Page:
When I became head of chambers, I remember having had a brief period of activity. This ceased for several reasons: first, I discovered an old truth: better the devil you know…Nature abhors a vacuum and barristers cannot abide calm. They are much happier if their lives are beset by a whole series of stress-inducing and largely intractable problems that can occupy that area of the brain designated to deal with “worry”. Being in a performance-based environment, they are used to the adrenalin-rush caused by crises and develop a whole series of mental and physical symptoms when it is removed. This is why many barristers find the idea of even a holiday much more enjoyable than the reality and why, however long they are given to prepare cases, they are still up in the small hours during most days of a trial. By solving their problems, you either cause unnecessary pain and suffering or, more likely, encourage them to develop new ones.

Second, once you develop any kind of reputation for being able to solve difficulties, you will be beset by all and sundry wishing to discuss concerns about their careers, their health, their colleagues, the clerks and even whether the milk should be skimmed or semi-skimmed. Finally, the only problems that really matter are not capable of solution in a set depending on publicly funded work. The state does not want to pay for high quality professionals to prosecute and defend crime, although it takes a different view when it is having to defend its own actions before the courts. Even then, some governments nowadays have the greatest difficulty in listening to home truths, including advice coming from an outstanding Attorney General. Every barrister knows that when a client starts sacking his or her own lawyers it is usually a question, as a distinguished colleague once accused a client of mine, of “failing to engage with the evidence.”

Thus, the head of chambers cannot do much to heal the wounds of members, particularly the younger ones, who sacrificed many years to obtain challenging qualifications and who themselves exhibit the most exacting, internationally recognised and admired professional standards in a world where our political masters care less and less about the profession or those standards, or even the physical state of the buildings in which justice is administered. Junior barristers find their incomes eroded year on year and their working environment so cheapened that the only relief comes from laughing at the latest Pythonesque nonsense.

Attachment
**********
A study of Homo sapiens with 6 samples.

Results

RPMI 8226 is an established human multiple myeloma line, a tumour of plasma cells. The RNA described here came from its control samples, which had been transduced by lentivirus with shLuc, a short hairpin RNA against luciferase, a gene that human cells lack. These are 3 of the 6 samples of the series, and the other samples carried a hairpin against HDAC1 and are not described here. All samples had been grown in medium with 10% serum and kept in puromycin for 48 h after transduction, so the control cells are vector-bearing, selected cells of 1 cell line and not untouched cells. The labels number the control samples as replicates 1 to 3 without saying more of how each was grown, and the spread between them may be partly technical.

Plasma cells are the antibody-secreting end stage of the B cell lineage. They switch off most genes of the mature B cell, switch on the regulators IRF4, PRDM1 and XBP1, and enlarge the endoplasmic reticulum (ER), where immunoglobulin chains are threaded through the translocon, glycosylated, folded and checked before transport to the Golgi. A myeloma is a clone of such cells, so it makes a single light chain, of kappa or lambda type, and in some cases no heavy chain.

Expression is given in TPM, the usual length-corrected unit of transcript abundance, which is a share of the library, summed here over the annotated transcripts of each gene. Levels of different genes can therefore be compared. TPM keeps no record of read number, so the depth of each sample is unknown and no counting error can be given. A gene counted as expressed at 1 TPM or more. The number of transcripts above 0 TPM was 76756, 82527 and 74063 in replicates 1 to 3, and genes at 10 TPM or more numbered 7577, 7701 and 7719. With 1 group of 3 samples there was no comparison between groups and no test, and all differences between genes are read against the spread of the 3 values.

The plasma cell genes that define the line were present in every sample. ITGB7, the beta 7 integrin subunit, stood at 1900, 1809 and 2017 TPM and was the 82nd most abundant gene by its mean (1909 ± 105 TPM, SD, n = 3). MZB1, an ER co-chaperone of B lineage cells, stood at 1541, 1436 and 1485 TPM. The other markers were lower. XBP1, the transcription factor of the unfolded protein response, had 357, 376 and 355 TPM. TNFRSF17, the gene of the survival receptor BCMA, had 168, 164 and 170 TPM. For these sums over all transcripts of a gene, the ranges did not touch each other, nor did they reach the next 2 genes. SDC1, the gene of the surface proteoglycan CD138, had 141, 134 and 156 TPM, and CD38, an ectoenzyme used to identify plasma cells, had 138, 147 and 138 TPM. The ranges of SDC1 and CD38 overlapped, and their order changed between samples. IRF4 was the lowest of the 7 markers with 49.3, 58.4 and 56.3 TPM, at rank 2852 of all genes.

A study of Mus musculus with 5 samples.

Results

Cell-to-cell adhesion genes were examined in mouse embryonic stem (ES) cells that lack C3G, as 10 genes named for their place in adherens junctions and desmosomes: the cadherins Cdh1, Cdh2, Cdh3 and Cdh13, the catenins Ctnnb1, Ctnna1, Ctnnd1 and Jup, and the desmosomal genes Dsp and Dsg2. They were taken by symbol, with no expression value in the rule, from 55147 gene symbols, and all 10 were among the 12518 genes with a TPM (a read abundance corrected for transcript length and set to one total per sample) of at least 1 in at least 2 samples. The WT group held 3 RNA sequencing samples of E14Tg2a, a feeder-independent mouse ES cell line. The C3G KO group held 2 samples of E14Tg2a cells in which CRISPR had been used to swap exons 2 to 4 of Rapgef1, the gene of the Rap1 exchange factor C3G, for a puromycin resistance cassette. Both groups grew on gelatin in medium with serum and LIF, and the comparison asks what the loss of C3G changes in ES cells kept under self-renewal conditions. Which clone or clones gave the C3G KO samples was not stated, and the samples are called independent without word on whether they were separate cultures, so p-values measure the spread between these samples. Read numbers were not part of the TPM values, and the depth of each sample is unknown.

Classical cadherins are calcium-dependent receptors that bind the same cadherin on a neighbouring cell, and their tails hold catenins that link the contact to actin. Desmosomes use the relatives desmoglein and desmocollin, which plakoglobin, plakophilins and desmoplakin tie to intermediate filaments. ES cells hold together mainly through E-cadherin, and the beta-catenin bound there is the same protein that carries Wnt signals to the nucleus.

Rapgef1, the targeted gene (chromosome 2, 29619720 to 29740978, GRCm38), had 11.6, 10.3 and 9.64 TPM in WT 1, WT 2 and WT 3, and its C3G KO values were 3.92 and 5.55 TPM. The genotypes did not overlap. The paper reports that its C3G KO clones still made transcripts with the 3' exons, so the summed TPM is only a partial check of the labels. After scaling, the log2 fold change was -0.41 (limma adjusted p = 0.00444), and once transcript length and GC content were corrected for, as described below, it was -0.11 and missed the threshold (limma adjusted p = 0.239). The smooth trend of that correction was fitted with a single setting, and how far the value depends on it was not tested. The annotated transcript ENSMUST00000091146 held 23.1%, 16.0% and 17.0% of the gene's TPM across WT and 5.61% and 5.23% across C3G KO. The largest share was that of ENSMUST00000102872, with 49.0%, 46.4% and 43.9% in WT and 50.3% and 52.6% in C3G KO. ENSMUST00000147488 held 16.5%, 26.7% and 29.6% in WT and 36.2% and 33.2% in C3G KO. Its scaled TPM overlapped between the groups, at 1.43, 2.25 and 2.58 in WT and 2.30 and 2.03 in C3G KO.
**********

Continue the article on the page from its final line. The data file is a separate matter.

The same is true of silks of course but, here, I am less sympathetic. We had our day: they never have had theirs. Stepping gingerly over the “50+” sun cream, which I had mistakenly purchased on the basis it was age, as opposed to exposure, related, I looked again at the questionnaire. Some of the questions were easy, others encouraged a rant, but then I came to an interesting one: what are the advantages and disadvantages of the Chambers system?

The advantages seemed to be numerous. A pool of highly motivated and competitive specialists who share a working environment with one another, but are otherwise independent. A system that encourages the highest ethical standards, but which has mutual support across the length and breadth of its structure with seniors helping juniors and vice-versa: almost a family.

The disadvantage is that we are in the right place at the wrong time. In the 20th century, this model gave expert service at reasonable cost in an environment that encouraged what the Bar had to offer. Now, certainly in crime, almost everything combines against us from the tax system to regulation. Indeed, the state only pays lip service to admiring our criminal justice system at all. It loathes and despises the publicly funded Bar. King John probably had more time for the barons. It begrudges us every penny and succeeds in raising our overheads dramatically, having reduced our income substantially and leaving it to diminish further by inflation without any hope of uprating.

I looked again at the scattered brochures on the study floor and the suitcases. I had suddenly gone off that holiday.

William Byfield is the pseudonym of a senior member of the Bar. Gutteridge Chambers, and the events that happen there, are entirely fictitious.